My Dad’s thinking

by Kyla

Because I quoted my Dad so much in the last post, I figure now is a good time for you to hear straight from the man himself. Back in 2007 my Dad, my sister, and I engaged in a little competitive blogging. My sister wrote intellectual pieces which challenged the reader to consider philosophical problems, I wrote fluffy pieces about the numerous men I loved from afar (some things never change), and my Dad wrote things of beauty like the following.

From Mark Hanington:

Old Man Thinking

When I was young I knew everything.

Now I’m old and I know very very little. Replacing knowledge is opinion. I had opinions when I was young, as well as certainty, but they weren’t the same opinions I have now.

To my children I apologize for the blunders their father made that they had to live through.

Here’s what I have learned after 36 years of being a father, 33 years as a teacher…

It doesn’t matter if you eat all your beets. All that matters is that you share food with people who love you, and who you love. Same with veggies in general. When the time is right you will develop a taste for them.

You don’t have to eat with a fork when you’re little. It’s a handy tool and when you’re ready you’ll pick it up. All that matters is that you share food with people who love you, and who you love.

Doing well in school is nice because learning is fun. It is the brain’s endless hobby. But if you are in a setting where learning isn’t fun, it’s perfectly reasonable for you to ask to be excused. That’s not the same thing as refusing to rise to a challenge or to overcome a barrier, but learning is fun and if that is not your experience in school then something is wrong with school, not you.

Until high school, homework is irrelevant and steals time away from more important learning – unless it’s some sort of project that you embrace and that your parents or friends embrace with you. Learning is a social activity primarily. From time to time it is a great solitary process, but not as a rule. When you’re in high school the value of homework is that you take the time to reflect on neat stuff that class periods don’t give you the time to reflect on. Homework is best done jointly with a friend. Doing endless pages of rote calculations (I teach math) does not make you a better person, student, or doctor. Doing repetitive boring work does not build character, it crushes it.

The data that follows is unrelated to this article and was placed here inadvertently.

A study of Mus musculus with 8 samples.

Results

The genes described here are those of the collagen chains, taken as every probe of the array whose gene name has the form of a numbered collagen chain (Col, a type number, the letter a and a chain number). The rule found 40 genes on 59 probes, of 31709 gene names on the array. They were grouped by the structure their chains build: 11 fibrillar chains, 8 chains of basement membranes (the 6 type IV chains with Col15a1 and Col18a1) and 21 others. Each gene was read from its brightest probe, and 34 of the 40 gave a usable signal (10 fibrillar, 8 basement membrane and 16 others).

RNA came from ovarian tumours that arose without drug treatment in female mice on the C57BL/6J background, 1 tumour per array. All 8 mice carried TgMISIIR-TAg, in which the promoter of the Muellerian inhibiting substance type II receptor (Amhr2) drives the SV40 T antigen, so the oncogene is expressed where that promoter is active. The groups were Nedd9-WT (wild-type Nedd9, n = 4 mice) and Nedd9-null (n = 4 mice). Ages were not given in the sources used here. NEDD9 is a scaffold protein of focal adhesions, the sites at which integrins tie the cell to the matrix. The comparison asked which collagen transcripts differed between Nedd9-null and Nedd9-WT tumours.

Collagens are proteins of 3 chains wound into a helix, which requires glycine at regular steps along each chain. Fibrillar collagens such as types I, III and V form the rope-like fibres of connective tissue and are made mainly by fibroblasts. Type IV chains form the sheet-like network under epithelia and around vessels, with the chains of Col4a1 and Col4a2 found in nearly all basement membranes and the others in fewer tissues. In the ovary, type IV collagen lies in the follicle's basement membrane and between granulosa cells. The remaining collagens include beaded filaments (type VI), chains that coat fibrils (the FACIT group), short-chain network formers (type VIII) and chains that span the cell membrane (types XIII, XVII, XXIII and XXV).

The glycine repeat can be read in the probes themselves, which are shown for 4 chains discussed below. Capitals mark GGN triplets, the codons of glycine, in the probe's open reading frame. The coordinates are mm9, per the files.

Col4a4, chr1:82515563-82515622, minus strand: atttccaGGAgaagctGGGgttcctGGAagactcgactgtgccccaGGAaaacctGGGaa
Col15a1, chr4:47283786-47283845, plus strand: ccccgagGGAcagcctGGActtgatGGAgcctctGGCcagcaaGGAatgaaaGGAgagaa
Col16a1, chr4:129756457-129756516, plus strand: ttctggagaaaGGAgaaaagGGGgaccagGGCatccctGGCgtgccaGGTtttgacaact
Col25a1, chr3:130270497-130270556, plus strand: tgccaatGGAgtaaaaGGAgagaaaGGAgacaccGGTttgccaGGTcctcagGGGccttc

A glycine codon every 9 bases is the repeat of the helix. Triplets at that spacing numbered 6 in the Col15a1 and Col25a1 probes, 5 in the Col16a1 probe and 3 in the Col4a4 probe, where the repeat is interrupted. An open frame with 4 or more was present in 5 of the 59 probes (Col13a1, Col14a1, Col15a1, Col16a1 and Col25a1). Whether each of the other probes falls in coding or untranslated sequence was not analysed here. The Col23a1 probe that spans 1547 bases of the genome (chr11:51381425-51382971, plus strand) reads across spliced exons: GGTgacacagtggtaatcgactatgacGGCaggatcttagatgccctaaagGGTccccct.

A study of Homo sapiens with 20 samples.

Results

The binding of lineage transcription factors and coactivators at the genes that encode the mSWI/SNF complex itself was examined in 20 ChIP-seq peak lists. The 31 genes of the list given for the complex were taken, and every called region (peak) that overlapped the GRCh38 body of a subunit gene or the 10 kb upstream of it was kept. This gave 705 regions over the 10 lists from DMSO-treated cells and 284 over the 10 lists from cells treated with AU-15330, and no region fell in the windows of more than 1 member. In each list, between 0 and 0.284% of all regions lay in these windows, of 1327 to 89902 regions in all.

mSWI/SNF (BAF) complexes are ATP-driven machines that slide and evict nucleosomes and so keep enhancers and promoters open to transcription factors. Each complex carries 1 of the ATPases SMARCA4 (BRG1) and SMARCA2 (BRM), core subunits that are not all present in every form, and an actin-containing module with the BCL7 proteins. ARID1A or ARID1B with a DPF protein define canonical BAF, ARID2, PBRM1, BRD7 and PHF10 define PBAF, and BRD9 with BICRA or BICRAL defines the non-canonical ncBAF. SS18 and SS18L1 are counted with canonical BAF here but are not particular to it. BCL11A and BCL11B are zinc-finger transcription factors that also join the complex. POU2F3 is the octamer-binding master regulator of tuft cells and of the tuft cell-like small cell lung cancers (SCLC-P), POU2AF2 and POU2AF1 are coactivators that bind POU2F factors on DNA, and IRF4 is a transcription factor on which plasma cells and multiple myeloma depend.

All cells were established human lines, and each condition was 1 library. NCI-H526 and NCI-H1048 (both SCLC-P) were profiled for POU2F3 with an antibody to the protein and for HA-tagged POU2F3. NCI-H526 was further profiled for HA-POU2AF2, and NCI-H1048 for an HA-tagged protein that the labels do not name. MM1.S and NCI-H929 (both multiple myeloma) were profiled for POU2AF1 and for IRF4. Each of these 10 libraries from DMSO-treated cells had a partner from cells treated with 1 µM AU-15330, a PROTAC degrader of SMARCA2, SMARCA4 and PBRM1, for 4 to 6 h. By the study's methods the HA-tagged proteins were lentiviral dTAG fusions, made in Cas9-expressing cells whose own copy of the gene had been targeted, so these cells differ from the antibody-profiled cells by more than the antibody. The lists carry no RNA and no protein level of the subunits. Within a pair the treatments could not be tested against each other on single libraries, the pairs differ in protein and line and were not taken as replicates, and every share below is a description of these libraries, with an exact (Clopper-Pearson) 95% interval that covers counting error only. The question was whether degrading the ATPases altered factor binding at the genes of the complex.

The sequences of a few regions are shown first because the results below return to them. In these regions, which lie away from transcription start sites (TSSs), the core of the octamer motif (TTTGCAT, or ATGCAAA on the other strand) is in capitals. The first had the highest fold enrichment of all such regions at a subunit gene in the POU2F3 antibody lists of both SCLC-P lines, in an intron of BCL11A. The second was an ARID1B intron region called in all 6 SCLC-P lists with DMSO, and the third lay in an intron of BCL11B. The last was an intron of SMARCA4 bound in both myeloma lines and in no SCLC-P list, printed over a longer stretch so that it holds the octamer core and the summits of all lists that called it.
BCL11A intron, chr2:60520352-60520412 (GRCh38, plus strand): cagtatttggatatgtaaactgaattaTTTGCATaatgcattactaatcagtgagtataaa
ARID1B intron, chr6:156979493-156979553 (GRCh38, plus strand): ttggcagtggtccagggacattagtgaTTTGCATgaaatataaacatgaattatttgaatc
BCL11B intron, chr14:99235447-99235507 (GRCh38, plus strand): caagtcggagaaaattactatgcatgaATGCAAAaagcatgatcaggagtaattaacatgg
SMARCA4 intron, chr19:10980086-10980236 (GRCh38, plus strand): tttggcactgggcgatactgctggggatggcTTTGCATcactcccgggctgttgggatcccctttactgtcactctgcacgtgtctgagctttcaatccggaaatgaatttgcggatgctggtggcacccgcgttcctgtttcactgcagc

Question authority, just like the bumper stickers say. Not because authority is wrong but if it can’t answer your questions properly then it’s not authority but bullying.

Rules are agreements we make with one another. Most often life is easier if you share agreements with those around you. But there is no rule that says “Daddy knows everything” (sorry, you guys) or that if you’re the guy or the dad or the woman or the mom that you have to be obeyed. Leadership does not mean telling people what to do, but making agreements with them about how we will all do it together.

Just because you start something does not mean you have to finish it. You don’t. You can change your mind, or take a breather. That’s fine.

That said, don’t make promises you don’t intend to keep.

“Nice” is better than “smart” any day. And if you have a clever wit don’t ever use it to make yourself look good at the expense of others. Laughter can be vicious and cruel when used in this way and nobody likes that no matter how hard you make them laugh.

You are here first and foremost for yourself, not for other people. The trick is that you only become yourself or grow to like yourself by giving yourself to other people. It’s a strange thing but true.

Love is not just a feeling. It’s an active verb. Don’t ever forget that.

You don’t owe anybody anything that is burdensome unless carrying the burden makes your heart sing. Having one’s own children makes the heart sing, in my experience. A life best lived is, in fact, lived for others. This is a conundrum, at least on the surface.

Here’s a funny thing I have learned that I cannot explain or even articulate very well – you must learn to listen to your heart rather than your mind. Your heart knows truth, while your mind is easily confused.

These are true statements, in my heart’s opinion.